A Man Found A 2,000-Year-Old Chuck Of Butter And It's Still Ok To Eat

It weighs roughly 22 pounds and "smells like strong cheese."

A man in Ireland unearthed an ancient chunk of butter while working in a bog near his home in Drakerath, and it is still edible, an archaeologist said.

The well-preserved dairy product, which is estimated to be about 2,000 years old, was unearthed by Jack Conway while he worked at Emlagh bog last week.

Conway contacted the Cavan County Museum, which spread the news about the discovery in an announcement on Friday.

Butter was considered a luxury food in early medieval Ireland, said the museum. It was so valuable that it was used to pay taxes and rents.

It also had mystical value to the ancient Irish. It was buried deep in the ground as an offering to spirits and gods to keep people and their property safe, said the museum.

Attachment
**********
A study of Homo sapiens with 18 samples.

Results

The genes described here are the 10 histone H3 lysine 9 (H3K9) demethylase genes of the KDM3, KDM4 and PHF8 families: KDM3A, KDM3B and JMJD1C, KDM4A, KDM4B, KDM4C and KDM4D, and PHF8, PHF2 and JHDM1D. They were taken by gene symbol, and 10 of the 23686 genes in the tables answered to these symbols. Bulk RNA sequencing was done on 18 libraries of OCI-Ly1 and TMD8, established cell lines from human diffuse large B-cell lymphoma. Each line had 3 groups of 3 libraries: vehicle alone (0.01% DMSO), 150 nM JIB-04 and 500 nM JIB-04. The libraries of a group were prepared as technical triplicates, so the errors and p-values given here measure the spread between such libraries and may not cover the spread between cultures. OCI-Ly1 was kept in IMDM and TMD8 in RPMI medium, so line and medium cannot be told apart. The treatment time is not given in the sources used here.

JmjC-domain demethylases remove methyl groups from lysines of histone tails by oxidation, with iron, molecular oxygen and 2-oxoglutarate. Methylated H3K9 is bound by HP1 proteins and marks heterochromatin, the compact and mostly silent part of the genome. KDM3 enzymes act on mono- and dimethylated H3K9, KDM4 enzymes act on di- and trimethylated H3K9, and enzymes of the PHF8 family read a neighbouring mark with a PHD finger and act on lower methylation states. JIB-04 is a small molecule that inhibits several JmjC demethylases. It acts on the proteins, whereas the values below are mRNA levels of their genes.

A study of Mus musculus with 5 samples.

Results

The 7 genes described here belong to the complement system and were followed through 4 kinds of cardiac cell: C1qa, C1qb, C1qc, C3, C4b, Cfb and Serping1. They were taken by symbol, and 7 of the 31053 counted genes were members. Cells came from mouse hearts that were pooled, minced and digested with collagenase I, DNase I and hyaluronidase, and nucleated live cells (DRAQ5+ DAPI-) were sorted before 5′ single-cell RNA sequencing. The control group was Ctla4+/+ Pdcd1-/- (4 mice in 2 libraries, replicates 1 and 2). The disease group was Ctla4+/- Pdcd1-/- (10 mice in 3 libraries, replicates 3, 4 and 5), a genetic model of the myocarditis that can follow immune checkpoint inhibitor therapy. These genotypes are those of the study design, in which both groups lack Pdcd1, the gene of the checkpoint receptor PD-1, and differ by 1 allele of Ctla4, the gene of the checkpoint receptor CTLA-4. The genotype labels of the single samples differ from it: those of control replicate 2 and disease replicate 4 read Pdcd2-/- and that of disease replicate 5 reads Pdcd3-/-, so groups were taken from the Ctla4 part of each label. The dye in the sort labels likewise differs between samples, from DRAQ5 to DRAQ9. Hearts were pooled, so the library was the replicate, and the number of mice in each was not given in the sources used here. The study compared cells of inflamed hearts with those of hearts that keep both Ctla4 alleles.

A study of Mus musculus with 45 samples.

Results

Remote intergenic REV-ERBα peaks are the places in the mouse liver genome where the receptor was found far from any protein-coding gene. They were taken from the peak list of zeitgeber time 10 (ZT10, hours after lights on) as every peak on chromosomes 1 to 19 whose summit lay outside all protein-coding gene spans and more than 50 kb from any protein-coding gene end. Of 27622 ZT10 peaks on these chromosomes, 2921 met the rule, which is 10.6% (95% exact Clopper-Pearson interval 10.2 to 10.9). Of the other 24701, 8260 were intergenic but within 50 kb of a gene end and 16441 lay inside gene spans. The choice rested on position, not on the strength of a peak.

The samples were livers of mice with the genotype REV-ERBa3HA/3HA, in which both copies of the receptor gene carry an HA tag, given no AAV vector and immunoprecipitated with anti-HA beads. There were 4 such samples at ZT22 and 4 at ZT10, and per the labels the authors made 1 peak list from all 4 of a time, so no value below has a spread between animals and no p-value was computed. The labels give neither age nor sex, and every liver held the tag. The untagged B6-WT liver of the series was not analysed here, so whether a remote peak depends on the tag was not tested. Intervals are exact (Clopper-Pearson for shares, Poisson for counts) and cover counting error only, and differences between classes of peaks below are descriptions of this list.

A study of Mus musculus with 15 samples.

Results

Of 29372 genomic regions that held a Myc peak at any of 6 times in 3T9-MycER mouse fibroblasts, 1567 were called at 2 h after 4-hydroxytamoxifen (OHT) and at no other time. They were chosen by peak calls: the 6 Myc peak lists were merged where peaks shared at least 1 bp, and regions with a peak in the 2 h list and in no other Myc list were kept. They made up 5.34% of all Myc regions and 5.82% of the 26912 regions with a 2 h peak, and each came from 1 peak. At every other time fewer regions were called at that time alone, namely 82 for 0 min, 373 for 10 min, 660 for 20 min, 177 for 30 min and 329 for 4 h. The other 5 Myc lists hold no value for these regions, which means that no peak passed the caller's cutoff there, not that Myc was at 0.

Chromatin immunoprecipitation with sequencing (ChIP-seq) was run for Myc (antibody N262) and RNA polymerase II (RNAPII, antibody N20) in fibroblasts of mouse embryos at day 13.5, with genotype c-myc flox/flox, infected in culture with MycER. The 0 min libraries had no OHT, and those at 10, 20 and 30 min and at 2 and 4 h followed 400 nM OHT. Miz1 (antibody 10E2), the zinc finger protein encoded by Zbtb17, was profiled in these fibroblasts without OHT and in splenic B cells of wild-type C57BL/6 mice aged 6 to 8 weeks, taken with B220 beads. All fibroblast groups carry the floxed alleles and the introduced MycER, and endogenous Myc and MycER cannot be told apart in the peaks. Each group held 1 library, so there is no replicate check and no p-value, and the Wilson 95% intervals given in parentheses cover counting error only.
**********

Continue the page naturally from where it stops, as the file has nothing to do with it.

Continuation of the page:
Andy Halpin, an assistant keeper with the National Museum of Ireland, told the Irish Times the discovery is significant because it was found in a "no-man's-land" where 11 townlands and three ancient baronies met.

"These bogs in those times were inaccessible, mysterious places," he said.

Bogs also have certain properties — low temperature, low oxygen, and a highly acidic environment — that can effectively preserve the butter, said the Cavan County Museum.

But don't grab a butter knife just yet. While it still may be edible, the museum doesn't recommend actually eating it.

The butter, which the Irish Times describes as "creamy white dairy product" that "smells like a strong cheese," is slightly more crumbly than fresh butter.

"Theoretically the stuff is still edible," said Halpin. "But we wouldn't say it's advisable."

The butter has been handed over to the conservation department at the National Museum of Ireland for research and analysis.